How are poll results challenged, and when courts have set them aside?

Context:

West Bengal Chief Minister Mamata Banerjee has filed an election petition in the Calcutta High Court challenging the Assembly election result of Nandigram constituency, where she had contested and lost.

What’s the issue?

She has sought that Suvendhu Adhikari’s election be declared void on grounds of corrupt practice and discrepancies in the counting procedure conducted by the Returning Officer.

What is an election petition?

Post results, an election petition is the only legal remedy available to a voter or a candidate who believes there has been malpractice in an election.

An election petition submitted to the High Court of the state in which the constituency is located.

Such a petition has to be filed within 45 days from the date of the poll results; nothing is entertained by courts after that.

Although the Representative of the People Act of 1951 suggests that the High Court should try to conclude the trial within six months, it usually drags on for much longer, even years.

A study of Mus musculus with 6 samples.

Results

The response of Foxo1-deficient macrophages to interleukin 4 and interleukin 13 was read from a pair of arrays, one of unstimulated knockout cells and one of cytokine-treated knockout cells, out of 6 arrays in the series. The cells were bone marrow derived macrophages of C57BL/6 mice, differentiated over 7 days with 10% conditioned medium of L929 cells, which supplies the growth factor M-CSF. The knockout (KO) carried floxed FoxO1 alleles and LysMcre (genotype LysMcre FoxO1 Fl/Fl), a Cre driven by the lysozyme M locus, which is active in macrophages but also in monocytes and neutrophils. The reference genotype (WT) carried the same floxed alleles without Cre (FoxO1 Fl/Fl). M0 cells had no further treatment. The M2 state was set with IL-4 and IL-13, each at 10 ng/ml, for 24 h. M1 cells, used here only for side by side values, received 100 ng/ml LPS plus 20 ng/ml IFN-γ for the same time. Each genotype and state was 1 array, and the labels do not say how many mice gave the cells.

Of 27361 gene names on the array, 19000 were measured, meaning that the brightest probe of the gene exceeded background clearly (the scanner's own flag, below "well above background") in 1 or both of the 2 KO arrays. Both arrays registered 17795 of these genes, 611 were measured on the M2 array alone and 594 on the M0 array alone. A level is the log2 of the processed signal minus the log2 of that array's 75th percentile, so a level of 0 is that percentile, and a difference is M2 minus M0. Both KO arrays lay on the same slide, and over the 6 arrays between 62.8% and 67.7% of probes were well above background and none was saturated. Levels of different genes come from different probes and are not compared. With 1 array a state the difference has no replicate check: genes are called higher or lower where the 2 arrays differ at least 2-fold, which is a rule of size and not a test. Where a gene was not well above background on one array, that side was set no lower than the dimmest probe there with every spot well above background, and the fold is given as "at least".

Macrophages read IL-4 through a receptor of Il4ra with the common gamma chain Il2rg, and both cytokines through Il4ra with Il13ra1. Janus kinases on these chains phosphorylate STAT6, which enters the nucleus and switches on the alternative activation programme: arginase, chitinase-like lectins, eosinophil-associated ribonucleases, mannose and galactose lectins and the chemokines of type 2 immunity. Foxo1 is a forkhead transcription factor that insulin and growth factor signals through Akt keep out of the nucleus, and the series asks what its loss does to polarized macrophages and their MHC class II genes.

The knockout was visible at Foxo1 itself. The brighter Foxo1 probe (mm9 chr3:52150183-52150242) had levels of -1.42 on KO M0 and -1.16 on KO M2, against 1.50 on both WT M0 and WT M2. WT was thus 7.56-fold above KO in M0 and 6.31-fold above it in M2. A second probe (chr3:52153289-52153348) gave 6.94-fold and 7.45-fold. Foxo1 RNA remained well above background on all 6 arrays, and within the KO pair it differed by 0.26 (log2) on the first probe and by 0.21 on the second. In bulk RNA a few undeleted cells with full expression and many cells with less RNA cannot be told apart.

Under Section 100 of the RP Act, an election petition can be filed on the grounds that

Section 123 of the RP Act has a detailed list of what amounts to corrupt practice, including bribery, use of force or coercion, appeal to vote or refrain from voting on grounds of religion, race, community, and language.

Improper acceptance of the nomination of the winning candidate or improper rejection of a nomination.

Malpractice in the counting process, which includes improper reception, refusal or rejection of any vote, or the reception of any vote which is void.

Non-compliance with the provisions of the Constitution or the RP Act or any rules or orders made under the RP Act.

What happens if the court finds that a contention of malpractice is correct?

The verdict on an election petition, if found in favour of the petitioner, may result in a fresh election or the court announcing a new winner.

Famous examples:

There are many examples, the most famous being the Allahabad High Court verdict of 1975 which set aside Indira Gandhi’s election from Rae Bareli constituency, four years earlier, on grounds of corrupt practice.

Another high-profile case was that of Congress leader C P Joshi’s loss in the Rajasthan Assembly elections in 2008, by one vote.